Lee Siegel in Against the Machine: Being Human in the Age of the Electronic Mob:
"'Convenience' is also the rote answer to another fundamental question: Why does anyone not employed in the news media need a constant flow of news and information? One of the Internet boosters' proudest claims is that the Internet can deliver the news to its users with unprecedented immediacy. If someone gets shot in a supermarket parking lot in Flagstaff, Arizona, an Internet user in New Jersey will know about it hours, maybe even days before someone who depends on his local evening news. But who really needs to know that?"
siegel's question sounds like a tossoff but it's a legitimate one we oughtn't take for granted. what difference does it make that I know about the cop shootings in oakland, ca, this past sunday morning or that the shooter was, according to his mom, motivated by his recent news-watching to take up a gun? in my specific instance it might make some difference--I can use the information to jumpstart a classroom or sermon conversation about the way we react to things or what we do with what we know. but that's just my making use of the information for my particular situation. in general, what does it mean that a guy living on the rim knows in real time about something happening elsewhere?
the flippant answer to who needs to know and what good does it do might be "no one and nothing." it might mean something somehow if you know nothing about the case of angel torres and I introduce you to the video of his hit-and-run. but really, what are you going to do with that information? can you do anything with it, besides use it to bolster your already solid sense that the world is chaotic and people suck?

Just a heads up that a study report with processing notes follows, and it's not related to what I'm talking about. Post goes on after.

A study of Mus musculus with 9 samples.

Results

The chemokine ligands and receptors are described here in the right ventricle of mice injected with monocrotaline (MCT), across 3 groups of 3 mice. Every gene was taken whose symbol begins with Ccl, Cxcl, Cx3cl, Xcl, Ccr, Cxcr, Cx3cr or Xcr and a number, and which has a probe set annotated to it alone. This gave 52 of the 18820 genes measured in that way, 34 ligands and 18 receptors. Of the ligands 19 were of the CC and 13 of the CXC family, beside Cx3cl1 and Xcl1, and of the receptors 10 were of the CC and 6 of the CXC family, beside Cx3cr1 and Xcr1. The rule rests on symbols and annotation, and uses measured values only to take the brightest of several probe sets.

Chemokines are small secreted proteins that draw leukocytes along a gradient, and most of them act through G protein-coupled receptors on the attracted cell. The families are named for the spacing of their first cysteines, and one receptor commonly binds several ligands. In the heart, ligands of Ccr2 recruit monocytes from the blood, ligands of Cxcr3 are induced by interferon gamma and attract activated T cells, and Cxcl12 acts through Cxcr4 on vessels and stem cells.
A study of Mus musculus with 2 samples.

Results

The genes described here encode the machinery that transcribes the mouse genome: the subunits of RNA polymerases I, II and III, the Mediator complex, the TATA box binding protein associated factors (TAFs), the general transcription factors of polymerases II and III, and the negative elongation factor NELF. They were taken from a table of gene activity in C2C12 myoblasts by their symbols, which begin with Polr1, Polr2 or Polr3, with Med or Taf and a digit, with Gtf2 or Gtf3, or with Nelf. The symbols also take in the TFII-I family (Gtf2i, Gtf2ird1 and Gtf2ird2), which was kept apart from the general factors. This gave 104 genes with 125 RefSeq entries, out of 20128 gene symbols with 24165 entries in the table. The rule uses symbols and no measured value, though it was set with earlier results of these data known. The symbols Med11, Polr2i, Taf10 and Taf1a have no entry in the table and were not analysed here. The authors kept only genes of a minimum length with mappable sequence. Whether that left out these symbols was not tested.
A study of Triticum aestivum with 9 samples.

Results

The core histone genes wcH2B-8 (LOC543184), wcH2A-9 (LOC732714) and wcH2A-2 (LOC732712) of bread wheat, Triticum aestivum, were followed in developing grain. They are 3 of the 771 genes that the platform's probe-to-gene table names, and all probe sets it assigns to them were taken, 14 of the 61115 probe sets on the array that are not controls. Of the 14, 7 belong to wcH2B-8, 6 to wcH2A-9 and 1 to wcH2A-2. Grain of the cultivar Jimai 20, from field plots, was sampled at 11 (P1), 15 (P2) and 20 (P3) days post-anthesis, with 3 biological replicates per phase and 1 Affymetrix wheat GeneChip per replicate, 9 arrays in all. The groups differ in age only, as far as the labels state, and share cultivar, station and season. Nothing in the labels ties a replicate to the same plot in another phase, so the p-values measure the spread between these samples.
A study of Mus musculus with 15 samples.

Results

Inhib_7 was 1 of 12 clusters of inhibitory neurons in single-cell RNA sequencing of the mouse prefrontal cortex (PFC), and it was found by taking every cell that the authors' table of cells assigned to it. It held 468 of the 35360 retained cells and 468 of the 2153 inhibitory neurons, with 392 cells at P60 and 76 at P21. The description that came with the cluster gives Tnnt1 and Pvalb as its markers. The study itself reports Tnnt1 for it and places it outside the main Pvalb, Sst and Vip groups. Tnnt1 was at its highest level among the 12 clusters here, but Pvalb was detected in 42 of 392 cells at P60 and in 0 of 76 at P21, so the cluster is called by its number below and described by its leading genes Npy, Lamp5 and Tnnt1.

my sense is that it does matter that I was aware of neda agha-soltan's death within minutes of its happening but I don't have any method for quantifying that sense. unlike siegel's contention, raised elsewhere in the book, that information is only good in culture if it's profitable--a concept he does not approve of--I think information is valuable for its own sake if for no other reason than that it informs our experience of the world. it's a question of what we do with that information that says something, not about the information or its practicality, but about us.